Airbnb bans indoor security cameras in rentals


Airbnb announced Monday that it’s banning the use of security cameras inside rentals.

Before this change, the platform allowed owners to have cameras in common areas, such as living rooms, kitchens and hallways, as long as they were disclosed on the listing. Security cameras were not allowed in areas such as bedrooms or bathrooms.

The change will go into effect April 30, Airbnb said in a blog post. The company said the majority of rentals on its platform do not report having a security camera, and the change is expected to affect a small number of rentals.

“Our goal was to create new, clear rules that provide our community with greater clarity about what to expect on Airbnb. These changes were made in consultation with our guests, Hosts and privacy experts, and we’ll continue to seek feedback to help ensure our policies work for our global community,” Juniper Downs, Airbnb’s head of community policy and partnerships, said in the post.

Airbnb will continue to allow hosts to use security cameras and devices in outdoor spaces, such as ring cameras or noise decibel monitors, “to monitor security for their home and get ahead of issues like unauthorized parties,” the company said. Outdoor cameras will continue to be prohibited in outdoor spaces where there’s an expectation of privacy, such as outdoor showers or saunas.

Hosts must disclose the use of decibel monitors, and they will only be allowed in common areas, the company said.

Short-term rental competitor Vrbo said in a statement Monday that it has prohibited indoor cameras in rentals since 2022, but does allow outdoor cameras in common spaces if they are disclosed. The company said it requires additional disclosures if the outdoor cameras also capture pools.

“We are glad to see our competitor on board with what we consider a base level of privacy for customers,” Vrbo said in a statement.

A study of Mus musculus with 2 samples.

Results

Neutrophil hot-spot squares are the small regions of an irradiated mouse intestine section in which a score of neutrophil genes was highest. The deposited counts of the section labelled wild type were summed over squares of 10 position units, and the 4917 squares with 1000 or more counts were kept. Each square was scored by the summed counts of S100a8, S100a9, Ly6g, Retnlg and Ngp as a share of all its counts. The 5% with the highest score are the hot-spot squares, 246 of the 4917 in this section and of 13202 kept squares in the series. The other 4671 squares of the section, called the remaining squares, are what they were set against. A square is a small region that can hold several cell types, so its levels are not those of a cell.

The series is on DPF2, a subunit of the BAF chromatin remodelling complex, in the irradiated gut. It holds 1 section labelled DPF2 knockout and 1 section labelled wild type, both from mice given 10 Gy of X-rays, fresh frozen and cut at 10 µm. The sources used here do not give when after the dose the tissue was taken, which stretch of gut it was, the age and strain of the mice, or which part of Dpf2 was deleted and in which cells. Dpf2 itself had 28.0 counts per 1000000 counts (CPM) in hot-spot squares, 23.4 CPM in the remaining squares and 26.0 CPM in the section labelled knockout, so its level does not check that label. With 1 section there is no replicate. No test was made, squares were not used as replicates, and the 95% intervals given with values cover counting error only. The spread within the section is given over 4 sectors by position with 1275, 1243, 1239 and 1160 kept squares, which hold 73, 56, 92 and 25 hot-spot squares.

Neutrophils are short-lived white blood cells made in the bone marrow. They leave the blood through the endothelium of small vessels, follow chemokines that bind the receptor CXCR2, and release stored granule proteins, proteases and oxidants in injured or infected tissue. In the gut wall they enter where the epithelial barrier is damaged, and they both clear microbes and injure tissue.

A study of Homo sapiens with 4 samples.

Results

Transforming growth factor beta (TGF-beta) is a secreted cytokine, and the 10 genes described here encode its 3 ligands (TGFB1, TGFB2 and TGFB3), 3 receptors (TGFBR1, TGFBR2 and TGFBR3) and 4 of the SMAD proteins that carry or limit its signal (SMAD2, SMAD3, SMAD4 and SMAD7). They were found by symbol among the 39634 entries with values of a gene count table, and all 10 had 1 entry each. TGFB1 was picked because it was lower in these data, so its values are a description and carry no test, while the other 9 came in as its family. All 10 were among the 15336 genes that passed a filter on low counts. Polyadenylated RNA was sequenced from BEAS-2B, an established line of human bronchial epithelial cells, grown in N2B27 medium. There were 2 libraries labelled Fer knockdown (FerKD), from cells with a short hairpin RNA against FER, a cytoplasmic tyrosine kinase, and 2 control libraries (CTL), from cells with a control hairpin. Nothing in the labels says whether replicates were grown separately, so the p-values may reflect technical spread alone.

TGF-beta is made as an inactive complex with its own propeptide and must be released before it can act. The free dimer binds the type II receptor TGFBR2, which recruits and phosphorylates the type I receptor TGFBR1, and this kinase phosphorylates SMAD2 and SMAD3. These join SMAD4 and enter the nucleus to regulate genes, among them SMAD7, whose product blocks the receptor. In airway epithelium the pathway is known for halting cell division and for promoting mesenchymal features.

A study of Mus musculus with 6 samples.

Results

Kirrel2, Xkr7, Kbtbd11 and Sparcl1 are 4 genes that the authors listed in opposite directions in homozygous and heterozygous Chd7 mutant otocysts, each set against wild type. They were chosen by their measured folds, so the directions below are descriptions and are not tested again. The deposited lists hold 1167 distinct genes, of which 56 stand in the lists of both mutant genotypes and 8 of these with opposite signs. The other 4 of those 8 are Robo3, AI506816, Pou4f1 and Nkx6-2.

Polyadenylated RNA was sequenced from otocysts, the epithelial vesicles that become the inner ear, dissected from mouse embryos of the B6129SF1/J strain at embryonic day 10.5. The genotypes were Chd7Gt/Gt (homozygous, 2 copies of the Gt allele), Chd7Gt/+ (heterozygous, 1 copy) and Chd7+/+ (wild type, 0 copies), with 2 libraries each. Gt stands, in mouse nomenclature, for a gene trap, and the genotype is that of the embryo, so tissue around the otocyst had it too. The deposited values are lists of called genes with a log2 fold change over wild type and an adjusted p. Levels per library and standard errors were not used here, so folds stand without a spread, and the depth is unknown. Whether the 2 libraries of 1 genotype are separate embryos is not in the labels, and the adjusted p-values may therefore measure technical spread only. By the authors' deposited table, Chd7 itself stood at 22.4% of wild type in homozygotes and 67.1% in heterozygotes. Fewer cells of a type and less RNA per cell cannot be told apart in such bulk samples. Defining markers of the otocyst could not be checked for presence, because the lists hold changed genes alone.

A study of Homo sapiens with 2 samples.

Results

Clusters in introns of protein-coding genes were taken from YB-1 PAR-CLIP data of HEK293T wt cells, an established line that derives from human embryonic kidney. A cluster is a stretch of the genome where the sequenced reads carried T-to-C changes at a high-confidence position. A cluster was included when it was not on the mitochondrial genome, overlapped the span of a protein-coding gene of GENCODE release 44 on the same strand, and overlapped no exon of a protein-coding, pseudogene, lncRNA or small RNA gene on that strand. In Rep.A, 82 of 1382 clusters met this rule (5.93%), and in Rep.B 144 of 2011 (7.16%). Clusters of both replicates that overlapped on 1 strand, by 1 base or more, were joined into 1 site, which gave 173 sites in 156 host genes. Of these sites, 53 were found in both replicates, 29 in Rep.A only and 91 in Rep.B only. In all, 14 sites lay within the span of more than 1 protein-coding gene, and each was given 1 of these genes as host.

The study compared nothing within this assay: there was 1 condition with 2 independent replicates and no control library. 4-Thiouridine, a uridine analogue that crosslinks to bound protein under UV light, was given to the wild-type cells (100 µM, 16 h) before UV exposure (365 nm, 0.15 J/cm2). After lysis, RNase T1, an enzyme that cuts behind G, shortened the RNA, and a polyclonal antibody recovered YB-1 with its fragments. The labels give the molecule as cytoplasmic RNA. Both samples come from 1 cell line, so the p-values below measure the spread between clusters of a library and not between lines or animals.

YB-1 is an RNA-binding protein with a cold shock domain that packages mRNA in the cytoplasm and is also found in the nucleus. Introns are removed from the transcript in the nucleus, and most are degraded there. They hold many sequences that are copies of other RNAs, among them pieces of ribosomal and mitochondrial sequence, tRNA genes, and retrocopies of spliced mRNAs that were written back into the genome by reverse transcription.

Travelers have reported horrifying incidents of hidden cameras in short-term rentals over the years, and social media content creators have gone viral with tips on how to find them.

Airbnb settled a civil suit in 2015 with a customer who found hidden cameras in a California rental. In 2019, police in South Korea discovered cameras inside TV boxes, wall outlets and hair-dryer stands that had live-streamed approximately 1,600 guests in their hotel rooms. Later that year, a couple filed a lawsuit against a San Diego Airbnb owner who allegedly hid cameras inside small holes of the bathroom and the bedroom ceiling. Last year, a Texas couple sued their Maryland host after finding cameras in the bedroom during their stay in 2022.

Joe LaSorsa, chief executive of LaSorsa and Associates, a security firm, said Airbnb’s new rule is clear and straightforward, with no exceptions or loopholes.

He said the rule could possibly lead to an uptick in damage caused by guests. Since hosts will no longer be able to keep on eye on their visitors, they might strip their properties of valuables and amenities at risk of being broken or stolen.

For guests, the rule should allay their privacy concerns. However, LaSorsa said if guests are suspicious of hidden cameras, they should look for a WiFi signal being emitted from objects not normally associated with the Internet, such as alarm clocks and smoke detectors.

He also recommends shining a flashlight around the space. The light will pick up a camera lens. “Usually you can see some type of aperture or lens opening where you can actually see the lens itself. And, obviously that’s indicative of a camera,” he said.

Natalie Compton and Andrea Sachs contributed to this report.